Overtreated: More Medical Care isn't Always Better
More medical care won’t necessarily make you healthier –it may make you sicker. It’s an idea that technology–loving Americans find hard to believe.
Anywhere from one–fifth to nearly onethird of the tests and treatments we get are estimated to be unnecessary, and avoidable care is costly in more ways than the bill: It may lead to dangerous side effects.
It can start during birth, as some of the United States’ increasing C–sections are triggered by controversial fetal monitors that signal that a baby is in trouble when really everything’s fine. It extends to often futile intensive care at the end of the life. For example, Americans get the most medical radiation in the world, much of it from repeated CT scans. Too many scans increase the risk of cancer.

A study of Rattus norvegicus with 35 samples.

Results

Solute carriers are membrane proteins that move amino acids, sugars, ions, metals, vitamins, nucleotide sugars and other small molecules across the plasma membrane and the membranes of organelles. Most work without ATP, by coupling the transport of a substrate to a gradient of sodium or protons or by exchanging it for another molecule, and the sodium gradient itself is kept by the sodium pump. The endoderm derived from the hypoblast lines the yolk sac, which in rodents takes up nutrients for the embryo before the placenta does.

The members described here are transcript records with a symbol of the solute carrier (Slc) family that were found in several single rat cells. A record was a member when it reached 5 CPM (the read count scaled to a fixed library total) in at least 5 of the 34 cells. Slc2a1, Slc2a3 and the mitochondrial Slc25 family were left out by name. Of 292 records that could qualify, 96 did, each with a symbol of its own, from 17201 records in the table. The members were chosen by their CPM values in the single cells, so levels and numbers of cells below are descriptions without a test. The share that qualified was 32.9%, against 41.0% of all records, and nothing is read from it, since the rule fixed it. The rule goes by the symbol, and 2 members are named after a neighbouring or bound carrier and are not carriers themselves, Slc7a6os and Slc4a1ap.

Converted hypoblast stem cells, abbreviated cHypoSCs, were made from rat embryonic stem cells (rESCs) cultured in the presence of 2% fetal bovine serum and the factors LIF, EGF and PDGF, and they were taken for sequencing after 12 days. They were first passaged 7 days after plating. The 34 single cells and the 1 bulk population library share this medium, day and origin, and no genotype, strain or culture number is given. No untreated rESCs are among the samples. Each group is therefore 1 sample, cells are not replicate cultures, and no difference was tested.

Then there are thousands who get stents for blocked heart arteries when they should have tried medication first. Again, doctors prescribe antibiotics millions of times for viruses such as colds that the drugs can’t help.
Back pain stands out as the No. 1 overtreated condition, from repeated MRI scans that can’t pinpoint the trouble to spine surgery on people who could have gotten better without it. About one in five who gets that first back operation will wind up having another in the next decade.
Overtreatment means someone could have fared as well or better with a lesser test or therapy, or maybe even none at all. Experts say that avoiding overtreatment is less about knowing when to say no, than knowing when to say, “Wait, doc, I need more information!”